KANSAS CITY, Kan. -- A Kansas man who served 23 years in prison for a double murder he did not commit is seeking $93 million in damages from the county where he was convicted and a former detective he says framed him.
Lamonte McIntyre, 45, and his mother allege in a lawsuit filed in 2018 that the Unified Government of Wyandotte County and Kansas City, Kansas, is responsible for the actions of former Kansas City, Kansas, police detective Roger Golubski and other officers involved in his prosecution.
A federal judge on Thursday set a Nov. 7 trial for the civil case. The Unified Government wants to have the trial moved to Wichita because of extensive publicity in the Kansas City area, KCUR reported.
McIntyre's mom is also seeking $30 million. She and her son allege that Golubski coerced her into sex and then framed McIntyre for a double homicide in 1994 because she rejected the detective's later sexual advances.
They also allege Golubski abused Black women for years and many officers were aware of his conduct. The pretrial orders includes initials of 73 women.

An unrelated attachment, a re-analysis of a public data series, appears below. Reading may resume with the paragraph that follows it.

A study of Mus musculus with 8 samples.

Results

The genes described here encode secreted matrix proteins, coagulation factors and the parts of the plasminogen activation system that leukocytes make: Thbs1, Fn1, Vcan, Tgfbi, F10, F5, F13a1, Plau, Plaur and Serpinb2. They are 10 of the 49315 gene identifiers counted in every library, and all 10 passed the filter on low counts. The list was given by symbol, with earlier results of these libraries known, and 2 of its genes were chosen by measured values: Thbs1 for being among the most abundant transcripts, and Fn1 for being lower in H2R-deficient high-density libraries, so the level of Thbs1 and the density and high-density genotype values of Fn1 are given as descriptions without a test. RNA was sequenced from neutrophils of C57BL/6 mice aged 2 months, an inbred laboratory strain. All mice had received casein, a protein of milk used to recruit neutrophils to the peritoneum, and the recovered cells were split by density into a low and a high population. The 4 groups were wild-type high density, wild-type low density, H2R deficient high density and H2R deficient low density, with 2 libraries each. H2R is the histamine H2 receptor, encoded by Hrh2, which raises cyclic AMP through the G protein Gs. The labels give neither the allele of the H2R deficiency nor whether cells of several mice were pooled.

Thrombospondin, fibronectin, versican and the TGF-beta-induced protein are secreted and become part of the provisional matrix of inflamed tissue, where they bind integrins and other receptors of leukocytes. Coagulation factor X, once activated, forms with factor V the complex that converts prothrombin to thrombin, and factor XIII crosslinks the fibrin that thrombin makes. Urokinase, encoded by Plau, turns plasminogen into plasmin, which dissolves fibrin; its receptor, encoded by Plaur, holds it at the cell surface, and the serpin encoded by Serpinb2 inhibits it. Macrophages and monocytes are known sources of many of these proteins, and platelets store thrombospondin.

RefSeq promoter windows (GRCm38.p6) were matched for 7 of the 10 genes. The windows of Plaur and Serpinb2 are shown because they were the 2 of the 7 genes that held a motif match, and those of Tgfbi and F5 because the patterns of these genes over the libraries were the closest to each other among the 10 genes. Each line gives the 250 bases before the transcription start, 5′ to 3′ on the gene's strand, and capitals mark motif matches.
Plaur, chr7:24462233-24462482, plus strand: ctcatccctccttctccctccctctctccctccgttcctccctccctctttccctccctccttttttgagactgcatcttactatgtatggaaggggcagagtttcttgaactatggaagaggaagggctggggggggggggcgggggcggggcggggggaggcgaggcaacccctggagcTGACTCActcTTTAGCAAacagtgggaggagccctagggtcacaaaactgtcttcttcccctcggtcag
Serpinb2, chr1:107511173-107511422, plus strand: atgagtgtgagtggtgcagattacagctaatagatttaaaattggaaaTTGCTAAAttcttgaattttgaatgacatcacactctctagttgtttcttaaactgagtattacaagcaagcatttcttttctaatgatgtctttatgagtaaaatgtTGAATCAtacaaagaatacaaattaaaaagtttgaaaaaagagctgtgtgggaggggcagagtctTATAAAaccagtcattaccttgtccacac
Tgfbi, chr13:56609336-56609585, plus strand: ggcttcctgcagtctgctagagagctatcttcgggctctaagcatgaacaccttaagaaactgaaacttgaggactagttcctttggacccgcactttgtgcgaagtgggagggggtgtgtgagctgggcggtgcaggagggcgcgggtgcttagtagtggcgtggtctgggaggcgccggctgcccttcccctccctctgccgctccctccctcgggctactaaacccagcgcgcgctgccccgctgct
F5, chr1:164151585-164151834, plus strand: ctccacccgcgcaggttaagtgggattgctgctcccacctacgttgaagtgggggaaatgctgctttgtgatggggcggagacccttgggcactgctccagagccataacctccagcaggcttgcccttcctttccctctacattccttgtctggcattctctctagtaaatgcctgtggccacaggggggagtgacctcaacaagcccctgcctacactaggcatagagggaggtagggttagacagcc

Golubski denies the allegations and has asked that they not be allowed as evidence in the case. If the allegations are admitted, he will argue he was a good officer during his career from 1975 through 2010, when he retired, according to his lawyers' statement.
McIntyre was freed from prison in 2017 after a local prosecutor asked the court to vacate his convictions and to drop all charges. In 2020, he was awarded a certificate of innocence and $1.5 million from the state.
McIntyre, who now lives in Arizona, has been diagnosed with post-traumatic stress disorder and suffered other negative emotional impacts from his imprisonment, according to the lawsuit.
His mother also has been diagnosed with PTSD and has sought psychological treatment for 17 years, the lawsuit says.
The local government contends even if the allegations of misconduct are proven it is not liable because the officers' actions were outside the scope of their employment. It also denies the police chief knew about the alleged misconduct.